Seattle has a reputation of being very laid back and unpretentious. With flannel and rubber boots everywhere, it doesn’t seem like the kind of town with sophisticated food. But the truth of the matter is that some of the best and brightest chefs on the food scene right now not only cook in Seattle, but thrive. Developing tasting menus that suit the season and chefs’ whims, these five restaurants raise the bar of sophistication without being stuffy or too expensive; just the way Seattle likes it.
1605 N 45th St
Seattle, WA 98103
Price: $36 for four-course tasting menu
To most, being a vegetarian looks boring. But at Sutra, chefs are proving all the disbelievers wrong. Not only are they serving up some of the tastiest vegetarian fare in town, they are serving up some of the best meals in the city. With a bi-weekly changing menu and only one to two seatings a night, Sutra is changing the dynamic of how a restaurant runs. It has turned the operation into more of a supper club using only the freshest, seasonal foods, eliminating food waste. And with a tasting menu at only $35 a person, this is one dinner not to bypass. Check out the current tasting menu, which changes every two weeks, posted on Sutra’s website to see if it would work for your taste.
Staple and Fancy
4739 Ballard Ave NW
Seattle, WA 98107
Price: $45 for four-course tasting menu
Anyone can order from the ‘staples’ on the menu at Staple and Fancy Mercantile and be perfectly happy. But those in the know order the family-style, four-course menu and let whatever the chef ‘fancies’ arrive at the dinner table. The dishes change daily based on the chef’s whim, so it is a surprise and a meal all in one. The tasting menu is only $45 so let eliminate the choosing and hand your menu back to the waiter. It might just tickle the fancy of all taste buds around the table.
Seattle, WA 98109
Price: $115 fo prix-fixe menu; $95 for vegetarian menu
Ask anyone in Seattle where the best place to dine is, and nine out of 10 will point up the hill toward Canlis. Established in 1950, it is a constant presence in the restaurant industry with stellar views, unmatchable service and amazing food. Canlis is where the cuisine of the Northwest found a home and it led the way for many to follow. With a tasting menu featuring the best of the seasonal ingredients at only $115 per person, it is definitely still the best restaurant in town. Check out the website for the current tasting menu, but past offerings have included lamb loin, iberico pork cheek and strawberry and fennel.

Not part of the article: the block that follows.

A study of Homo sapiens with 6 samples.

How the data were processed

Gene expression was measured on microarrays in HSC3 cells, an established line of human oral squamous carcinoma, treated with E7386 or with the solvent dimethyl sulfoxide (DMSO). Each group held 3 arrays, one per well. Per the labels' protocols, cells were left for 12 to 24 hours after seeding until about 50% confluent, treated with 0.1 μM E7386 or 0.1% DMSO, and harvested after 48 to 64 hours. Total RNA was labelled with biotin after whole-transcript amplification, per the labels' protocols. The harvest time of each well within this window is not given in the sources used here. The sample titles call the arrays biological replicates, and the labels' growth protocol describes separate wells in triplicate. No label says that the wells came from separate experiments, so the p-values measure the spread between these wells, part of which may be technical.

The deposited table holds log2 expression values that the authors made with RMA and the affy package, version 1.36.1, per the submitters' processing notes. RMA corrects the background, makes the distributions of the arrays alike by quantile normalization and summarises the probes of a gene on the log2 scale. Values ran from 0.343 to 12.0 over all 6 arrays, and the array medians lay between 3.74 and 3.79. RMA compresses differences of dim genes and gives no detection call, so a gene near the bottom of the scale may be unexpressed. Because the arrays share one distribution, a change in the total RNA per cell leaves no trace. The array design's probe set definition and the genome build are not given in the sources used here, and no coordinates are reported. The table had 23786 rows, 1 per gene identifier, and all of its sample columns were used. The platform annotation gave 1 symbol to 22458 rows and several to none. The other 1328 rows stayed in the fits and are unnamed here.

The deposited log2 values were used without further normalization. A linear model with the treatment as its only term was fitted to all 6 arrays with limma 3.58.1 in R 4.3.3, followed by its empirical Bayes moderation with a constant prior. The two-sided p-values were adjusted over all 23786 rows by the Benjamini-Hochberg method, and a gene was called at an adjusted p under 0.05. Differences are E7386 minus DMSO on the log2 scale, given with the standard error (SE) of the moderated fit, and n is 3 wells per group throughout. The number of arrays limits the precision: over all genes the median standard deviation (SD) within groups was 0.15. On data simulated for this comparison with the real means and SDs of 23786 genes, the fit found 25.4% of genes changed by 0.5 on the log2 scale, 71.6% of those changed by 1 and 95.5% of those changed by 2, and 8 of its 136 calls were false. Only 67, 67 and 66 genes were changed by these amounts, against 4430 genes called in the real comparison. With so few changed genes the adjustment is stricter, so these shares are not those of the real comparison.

2808 E Madison
Seattle, WA 98112
Price: Tasting menus from $65 to $145
Why have one tasting menu when four are possible? The French do know how to make a statement and the the “chef in the hat” Thierry Rautureau is the leading force in French cuisine in the Pacific Northwest. At Rover’s, choose from a small, medium or large dégustation tasting menu composed of small plates “allowing the diner to ‘déguster,’ or eat in small bites.” Enjoy such dishes like Dungeness crab with a spiced orange gelee, halibut in a mushroom-citrus cream or scrambled, organic eggs with white sturgeon caviar. The desserts alone are worth the price.
407 Olive Way
Seattle, WA 98101
Price: $39 for prix-fixe menu
Take a tour of the Mediterranean without leaving Seattle. At Andaluca, the decor and the dishes transplant guests to the beauty of the sea. From crusted beef tenderloin to traditional Spanish paella, the dinner plates here please every palate. But the tasting menu is the real star. With the Tour of the Mediterranean, diners choose from soup or salad and then feast on three small plates followed by a scrumptious dessert. So really, that is like a five-course meal instead of a three-course meal. Whatever the math, it adds up to one great gastronomical experience.